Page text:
This week’s interview was a little scatter-shot. We jumped around a lot and corrected some previous errors before going on to new material.

We started out where we had our greatest problems two weeks ago: with the Harvard years, and the Bog Schoolhouse. I had sent an email to the Harvard Department of Music asking them to verify the dates that David taught there, and they responded very, very quickly. Their response was surprising, as well. They consulted Elliot Forbes’ A History of Music at Harvard to 1972and A Report of Music at Harvard from 1972 to 1990, and discovered that he had been there not starting in 1968, but starting in 1967! And that he left in 1971! There’s our missing year! It also fits well with David’s account of going to art colonies in the summers. David had been going to MacDowell for nearly 10 year at this point, and the colony had a policy in place limiting fellows to 10 visits during their lifetime (a policy that has since been retracted). So that he wouldn’t use up his 10 lifetimes visits before the age of 40, David went to Yaddo for the first time in … 1971. A new colony, a new atmosphere, an impetus to … quit teaching at Harvard.

So. David called Harvard from Yaddo and tendered his resignation. When his residency was over, he moved out of Boston and into the Bog Schoolhouse, where he spent a year (Fall 1971 — Spring 1972) writing, and after a time being generally lonely and miserable. He started looking for a job, and was offered the SUNY Buffalo position with the Creative Associates, which was a one semester appointment.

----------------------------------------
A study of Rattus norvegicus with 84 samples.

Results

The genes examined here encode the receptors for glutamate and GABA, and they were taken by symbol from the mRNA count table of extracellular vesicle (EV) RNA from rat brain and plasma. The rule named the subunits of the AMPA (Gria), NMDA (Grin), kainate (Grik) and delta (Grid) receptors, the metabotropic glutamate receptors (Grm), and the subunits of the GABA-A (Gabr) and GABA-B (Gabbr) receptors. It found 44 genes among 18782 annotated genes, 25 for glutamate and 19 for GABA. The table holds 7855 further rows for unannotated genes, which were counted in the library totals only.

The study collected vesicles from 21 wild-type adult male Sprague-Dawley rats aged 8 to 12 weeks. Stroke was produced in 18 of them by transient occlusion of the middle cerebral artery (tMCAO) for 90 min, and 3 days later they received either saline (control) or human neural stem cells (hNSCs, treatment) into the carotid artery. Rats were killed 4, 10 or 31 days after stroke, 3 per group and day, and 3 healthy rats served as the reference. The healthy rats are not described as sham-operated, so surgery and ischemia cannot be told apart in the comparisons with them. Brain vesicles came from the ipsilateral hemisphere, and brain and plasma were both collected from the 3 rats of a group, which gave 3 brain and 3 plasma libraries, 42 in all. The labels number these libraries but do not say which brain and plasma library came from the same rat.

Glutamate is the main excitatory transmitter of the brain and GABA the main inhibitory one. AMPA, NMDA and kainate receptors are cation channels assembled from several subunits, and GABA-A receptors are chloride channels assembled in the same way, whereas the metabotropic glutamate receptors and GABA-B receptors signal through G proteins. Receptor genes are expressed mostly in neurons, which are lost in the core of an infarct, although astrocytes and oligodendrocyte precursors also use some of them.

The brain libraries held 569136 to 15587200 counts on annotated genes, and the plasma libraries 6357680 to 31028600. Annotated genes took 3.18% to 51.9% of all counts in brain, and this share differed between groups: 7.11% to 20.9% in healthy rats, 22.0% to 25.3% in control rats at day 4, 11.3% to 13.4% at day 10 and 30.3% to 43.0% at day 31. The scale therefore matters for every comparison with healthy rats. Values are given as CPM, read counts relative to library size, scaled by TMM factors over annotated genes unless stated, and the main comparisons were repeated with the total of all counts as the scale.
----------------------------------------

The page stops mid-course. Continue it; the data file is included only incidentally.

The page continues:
Problem. Solved.


And the point was driven home – never trust any single source for its accuracy. Every last source until Harvard was just plain wrong. (And we intend to triple-check their dates, too!) Boosey’s timeline was skewed a year late as regards the Harvard years. Grove was off by the same amount. And the Oxford Dictionary of Music was just wrong. Just plain wrong. A dictionary – wrong. Shame, shame, shame. 1966—1972 – a year early at the beginning and a year late at the end. At least the others had the right span of time.

A sizeable chunk of the rest of interview was given over to expanding on some neglected portions of out last session: some musical discussion, fleshing out the times spent in NH and Buffalo, talking more about David’s relationships during the period.

To our great fortune, one of David’s closest friends during the Harvard years, Tison Street, is visiting NYC from Boston next week. While we sat there, David called Tison and set up an interview session with him next Tuesday at David’s studio (same Bat Time, same Bat Channel). For the first hour of the interview, David will be out to lunch with a friend, but will join us for a joint session at the end. Awesome!

When we finally got on to “new material”, we made it through the Final Alice years, and some of its professional and personal ramifications.

Because the session was so scatter-shot, it felt at times as though it dragged. However, it was an incredibly fruitful interview, and covered a lot of side-areas that we had neglected before.